Friday, March 12, 2010

Ecclesiastical Tampon Part 2

One of the most interesting things to watch in the institutional church is the time when a former pastor shows up at his former church. The reactions of all involved are rather unique. I've had opportunity to be on both sides of the situation. When an extremely popular pastor comes back to visit after moving up in the clergy pecking order, the current pulpit occupant(me in the story) immediately goes into a slight panic. After all you've had the opportunity to hear how wonderful Rev. SoandSo was and what a shame it was to lose him(I came from that sort of men only group). He and his family were the best and his wife could play piano like......blah,blah, you know the rest. You feel guilty even daring to occupy the same pulpit space as this gifted icon! So you put on the beaming happy face and invite him to open in prayer, share his testimony, close the service etc. all the time praying that he's not moving back into the area. You preach like there's no tomorrow and hope the aisles clog with repentant sinners, and the former pastor arises before all and calls you blessed and loosens your sandal(never seems to happen). It usually ends well though as people remember that the former pastor did have flaws and maybe you aren't so bad after all. What about the time you find yourself in the opposite position?

Before I continue let me clarify one thing about former pastors. If you have moved on or up in church circles you are acceptable even though you left your previous church. If you leave the professional ministry altogether and work in the "secular" world you are to be most pitied. You've not only left your previous church, you've abandoned the call of God, and probably become a reprobate. Your morals are open to suspicion and whatsoever thou doest shall not prosper. Woe to you if you are divorced because now (as the wagging heads acknowledge) you could not control your own household so how could you control the house of God? There is only one reason for you to ever show up to your former church and that is to fall on your face and admit your guilt. It won't change your situation but it will prove your accusers right. Remember we are dealing with folks who may have descended from those previous saints who determined that persons accused of witchcraft were guilty if they floated and thus were subsequently burned. Or they were innocent if they drowned, causing the departed much joy I'm sure. There just is no other way of saying it but the stigma scarlet letter EX-PASTOR seems to follow us all of our lives. So when you do venture back into the institution as I did you find one office that has been prepared for you and is awaiting your arrival. Come with me next time and survey the sign on your office door which says in bold scarlet letters: ECCLESIASTICAL TAMPON. By the time we're done I hope many of us EX's will rejoice to be there.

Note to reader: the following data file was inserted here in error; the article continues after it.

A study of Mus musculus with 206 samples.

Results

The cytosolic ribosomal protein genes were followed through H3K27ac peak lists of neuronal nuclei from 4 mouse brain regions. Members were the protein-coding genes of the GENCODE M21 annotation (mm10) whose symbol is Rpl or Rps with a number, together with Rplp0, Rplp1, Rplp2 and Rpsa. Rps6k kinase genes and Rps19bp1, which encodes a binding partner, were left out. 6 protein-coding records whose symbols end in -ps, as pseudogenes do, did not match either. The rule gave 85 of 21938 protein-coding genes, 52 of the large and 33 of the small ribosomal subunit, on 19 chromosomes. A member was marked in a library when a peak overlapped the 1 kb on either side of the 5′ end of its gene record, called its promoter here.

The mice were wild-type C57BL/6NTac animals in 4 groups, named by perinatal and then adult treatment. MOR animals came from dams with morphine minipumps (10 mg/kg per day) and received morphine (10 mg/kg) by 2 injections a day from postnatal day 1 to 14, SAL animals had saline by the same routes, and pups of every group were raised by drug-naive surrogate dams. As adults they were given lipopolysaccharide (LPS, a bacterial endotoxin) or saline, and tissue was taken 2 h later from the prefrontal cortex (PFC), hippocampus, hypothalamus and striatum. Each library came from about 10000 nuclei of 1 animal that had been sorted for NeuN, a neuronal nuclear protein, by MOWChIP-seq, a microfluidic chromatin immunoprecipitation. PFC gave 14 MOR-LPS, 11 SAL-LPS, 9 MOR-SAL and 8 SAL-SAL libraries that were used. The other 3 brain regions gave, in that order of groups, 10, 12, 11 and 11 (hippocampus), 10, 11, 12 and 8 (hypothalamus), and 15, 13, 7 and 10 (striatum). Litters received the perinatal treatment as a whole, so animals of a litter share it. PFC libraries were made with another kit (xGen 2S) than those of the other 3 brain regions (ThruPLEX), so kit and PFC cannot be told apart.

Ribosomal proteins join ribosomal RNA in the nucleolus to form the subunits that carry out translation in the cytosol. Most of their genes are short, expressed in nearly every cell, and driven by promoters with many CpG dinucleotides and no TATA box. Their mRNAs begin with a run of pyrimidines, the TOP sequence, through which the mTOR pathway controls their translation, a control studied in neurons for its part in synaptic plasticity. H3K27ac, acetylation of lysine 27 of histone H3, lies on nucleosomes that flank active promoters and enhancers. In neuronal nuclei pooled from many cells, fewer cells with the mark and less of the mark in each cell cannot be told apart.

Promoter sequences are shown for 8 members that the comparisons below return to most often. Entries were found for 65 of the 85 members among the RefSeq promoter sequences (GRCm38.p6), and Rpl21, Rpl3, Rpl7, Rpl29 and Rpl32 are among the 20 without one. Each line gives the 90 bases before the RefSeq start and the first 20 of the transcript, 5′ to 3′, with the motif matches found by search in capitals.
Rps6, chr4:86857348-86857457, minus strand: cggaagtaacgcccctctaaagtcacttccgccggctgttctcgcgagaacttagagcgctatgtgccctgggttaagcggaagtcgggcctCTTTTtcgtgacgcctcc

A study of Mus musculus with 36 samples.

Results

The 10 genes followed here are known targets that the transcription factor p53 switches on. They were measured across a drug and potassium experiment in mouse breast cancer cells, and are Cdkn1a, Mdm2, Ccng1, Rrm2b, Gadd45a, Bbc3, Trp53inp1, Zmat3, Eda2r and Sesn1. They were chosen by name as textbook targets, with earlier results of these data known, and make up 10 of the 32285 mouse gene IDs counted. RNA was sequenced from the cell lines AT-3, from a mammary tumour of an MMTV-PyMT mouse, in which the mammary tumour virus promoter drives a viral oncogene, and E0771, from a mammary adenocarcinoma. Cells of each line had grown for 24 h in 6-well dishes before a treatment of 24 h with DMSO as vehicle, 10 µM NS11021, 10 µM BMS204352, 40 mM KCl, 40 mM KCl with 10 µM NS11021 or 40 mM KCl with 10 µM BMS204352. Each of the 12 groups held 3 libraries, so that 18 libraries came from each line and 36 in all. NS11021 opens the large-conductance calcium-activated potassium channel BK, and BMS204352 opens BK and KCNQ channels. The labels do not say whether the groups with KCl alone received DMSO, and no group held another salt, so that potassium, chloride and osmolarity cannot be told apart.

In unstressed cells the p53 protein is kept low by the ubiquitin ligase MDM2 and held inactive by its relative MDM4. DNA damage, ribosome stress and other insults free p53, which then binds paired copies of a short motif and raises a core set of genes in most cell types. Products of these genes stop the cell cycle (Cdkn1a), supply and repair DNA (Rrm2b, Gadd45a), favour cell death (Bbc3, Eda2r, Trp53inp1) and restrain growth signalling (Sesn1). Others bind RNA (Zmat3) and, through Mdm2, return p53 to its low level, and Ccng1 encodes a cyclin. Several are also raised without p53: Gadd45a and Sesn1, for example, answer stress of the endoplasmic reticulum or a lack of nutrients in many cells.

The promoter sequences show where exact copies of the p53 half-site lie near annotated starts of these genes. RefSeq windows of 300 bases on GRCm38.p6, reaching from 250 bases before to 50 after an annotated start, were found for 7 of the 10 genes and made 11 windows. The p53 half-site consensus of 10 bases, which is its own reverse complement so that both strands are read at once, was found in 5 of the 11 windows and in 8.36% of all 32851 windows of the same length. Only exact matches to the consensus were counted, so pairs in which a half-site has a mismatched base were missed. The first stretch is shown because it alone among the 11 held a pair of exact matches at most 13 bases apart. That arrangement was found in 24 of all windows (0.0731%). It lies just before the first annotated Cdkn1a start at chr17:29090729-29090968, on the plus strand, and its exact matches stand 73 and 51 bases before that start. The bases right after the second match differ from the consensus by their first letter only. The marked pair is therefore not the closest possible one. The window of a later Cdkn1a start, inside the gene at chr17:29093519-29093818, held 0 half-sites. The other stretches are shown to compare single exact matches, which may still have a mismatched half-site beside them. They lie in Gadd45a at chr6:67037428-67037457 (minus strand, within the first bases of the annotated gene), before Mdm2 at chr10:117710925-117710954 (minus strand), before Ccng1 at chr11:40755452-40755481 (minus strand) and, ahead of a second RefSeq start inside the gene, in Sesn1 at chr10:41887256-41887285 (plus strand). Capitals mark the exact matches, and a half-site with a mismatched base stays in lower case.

Sunday, March 7, 2010

Ecclesiastical Tampon

Back in the days following my divorce, when I reentered the relationship/dating scene, it didn't take long for me to figure out that I was no longer the "catch" that I once thought I was. And eventually I found myself in one of those relationships where you realize that you are being kept around for reasons other than the ones you think you are. In the nutshell I was being used. When the light finally came on I decided to make that phone call(much easier than face-to-face). I thought I had the ultimate exit call when I told her on the answering machine that I was tired of being used and in a line from one of Jimmy Buffet's songs told her "if the phone doesn't ring it's me". The angry message I got back on my answering machine told me I had hit home. I haven't spoken to her since but have gotten feedback from mutual friends that I ended up being the villain in the whole thing. Oh well.
Several years later a buddy of mine and I were trading relationship war stories and I found out he had trumped my exit line. He was one of those guys who wasn't a good catch either because he was a nice guy and believed in treating women with respect. So he regularly got the "you're my best friend/like-a-brother" speech as he watched her run back to the abusive but "perfect hunk" kinda guy. One particularly rough episode ended and in his exit speech(think it was on the phone), he told her that he was tired of being there when she was hurt only to watch her run back to the "fix-it-up" (my word) project after she healed. He then asked her "What am I some kind of emotional tampon you use when your hurting, then throw away when you're done?". You can imagine the reaction! My friend now is married with a family and I pray that all goes well with him. The girl in the story I have no idea what happened to her.
I've been thinking that the "tampon" analogy might be a good way to describe my relationship with the organized "church" since I've left the professional pastorate. A few other leftovers like myself have come to the same conclusion. I know that the tampon analogy makes most women cringe and it's probably as popular a word in most churches as "condom". But for being an example of an extremely necessary item yet one which is regarded most often with disgust tampon seems to fit the bill. So how does this apply to ex-pastor/teachers and our relationship to the organized church? I'll explore that in upcoming posts. What do you you think?